Devolution: opportunity or curse?

The pace of devolution is hotting up. After powers have been released by Whitehall to Edinburgh, Cardiff and Belfast, attention has switched to the gathering pace of devolution in England, particularly to the main cities, like Manchester.

Newcastle is one of eight ‘core cities’ which signed deals for greater powers and accountability in October. Image credit: calflier001, via Wikimedia Commons
Newcastle is one of eight ‘core cities’ which signed deals for greater powers and accountability in October. Image credit: calflier001, via Wikimedia Commons
  • Updated: 09 February, 2016
  • Author: Mark Prisk MP, Member of Parliament for Hertford and Stortford

As a former minister I welcome this. However, as a former businessman and a chartered surveyor, I know that businesses – especially those in infrastructure – are concerned about the uncertainty and potential risks this new political framework represents.

Some would much prefer it if there was only one decision-making centre with which to deal and one process. Yet I would argue that devolution represents an opportunity to ensure that we invest, over a sustained period, to update and improve our infrastructure, whether it be in transport, telecoms, or utilities.

Why do I say this?

First, because the old system of centralised decision-making hasn’t worked. It’s been driven by short term political pressures. So the establishment of the National Infrastructure Plan and a clear commitment from the Treasury to deliver, was the first crucial step in changing our approach to infrastructure investment. The new Infrastructure and Projects Authority exemplifies this drive.

Second, the devolution of powers to our major cities is bringing together the key policy elements which have previously been in narrow ‘silos’. By ensuring that planning, transport and economic development powers and policies are being brought together in our major city regions, we are finally delivering true ‘place-making’. This holistic approach is vital, when forward planning for our long-term infrastructure needs, whether it be in energy generation and distribution, or in road improvements.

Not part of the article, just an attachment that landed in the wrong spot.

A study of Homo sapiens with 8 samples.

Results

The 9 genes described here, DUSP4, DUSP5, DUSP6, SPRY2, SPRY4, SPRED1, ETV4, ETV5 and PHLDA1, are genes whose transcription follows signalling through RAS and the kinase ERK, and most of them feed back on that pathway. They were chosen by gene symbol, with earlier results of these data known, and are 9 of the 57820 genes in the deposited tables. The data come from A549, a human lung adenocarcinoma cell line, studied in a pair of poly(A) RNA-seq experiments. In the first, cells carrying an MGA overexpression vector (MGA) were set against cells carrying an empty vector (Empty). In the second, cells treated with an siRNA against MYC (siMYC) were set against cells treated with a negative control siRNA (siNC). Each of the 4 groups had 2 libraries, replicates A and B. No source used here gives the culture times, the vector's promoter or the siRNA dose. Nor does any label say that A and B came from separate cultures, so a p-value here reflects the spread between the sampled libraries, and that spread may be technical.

Third, the new local decision-making bodies are under a clear obligation to focus on improving local economic growth and competitiveness. In the past, policy has, at best, been a fudge between growth and ‘fairness’; at worst a charter for doing nothing. The fact that city mayors, or combined authorities, will now be focused on economic outcomes, will help change the whole debate.

This is not to say that the process is perfect. As a member of the Communities & Local Government Select Committee I have been hearing evidence from many people about the emerging opportunities and problems from the latest City Deals. The committee’s report makes it clear that sometimes the process has been too ad hoc and failed to engage with and listen to the local people the new arrangements are meant to serve.

Yet overall the direction is clear. There will of course be teething problems along the way. Greater clarity is for example needed about who is responsible for what, especially as far as the public are concerned. However if done well, the shift of powers and funds to key centres of growth around the country offers a real opportunity for sustained investment over the years to come.

About the author

Mark Prisk FRICS was first elected as MP for Hertford and Stortford in 2001. He is currently a member of the Communities and Local Government Select Committee and officer of the All Party Parliamentary Group on Infrastructure. He has previously worked as Minister for State for Business & Enterprise, leading on the modernisation of UK construction procurement and Minister for Housing.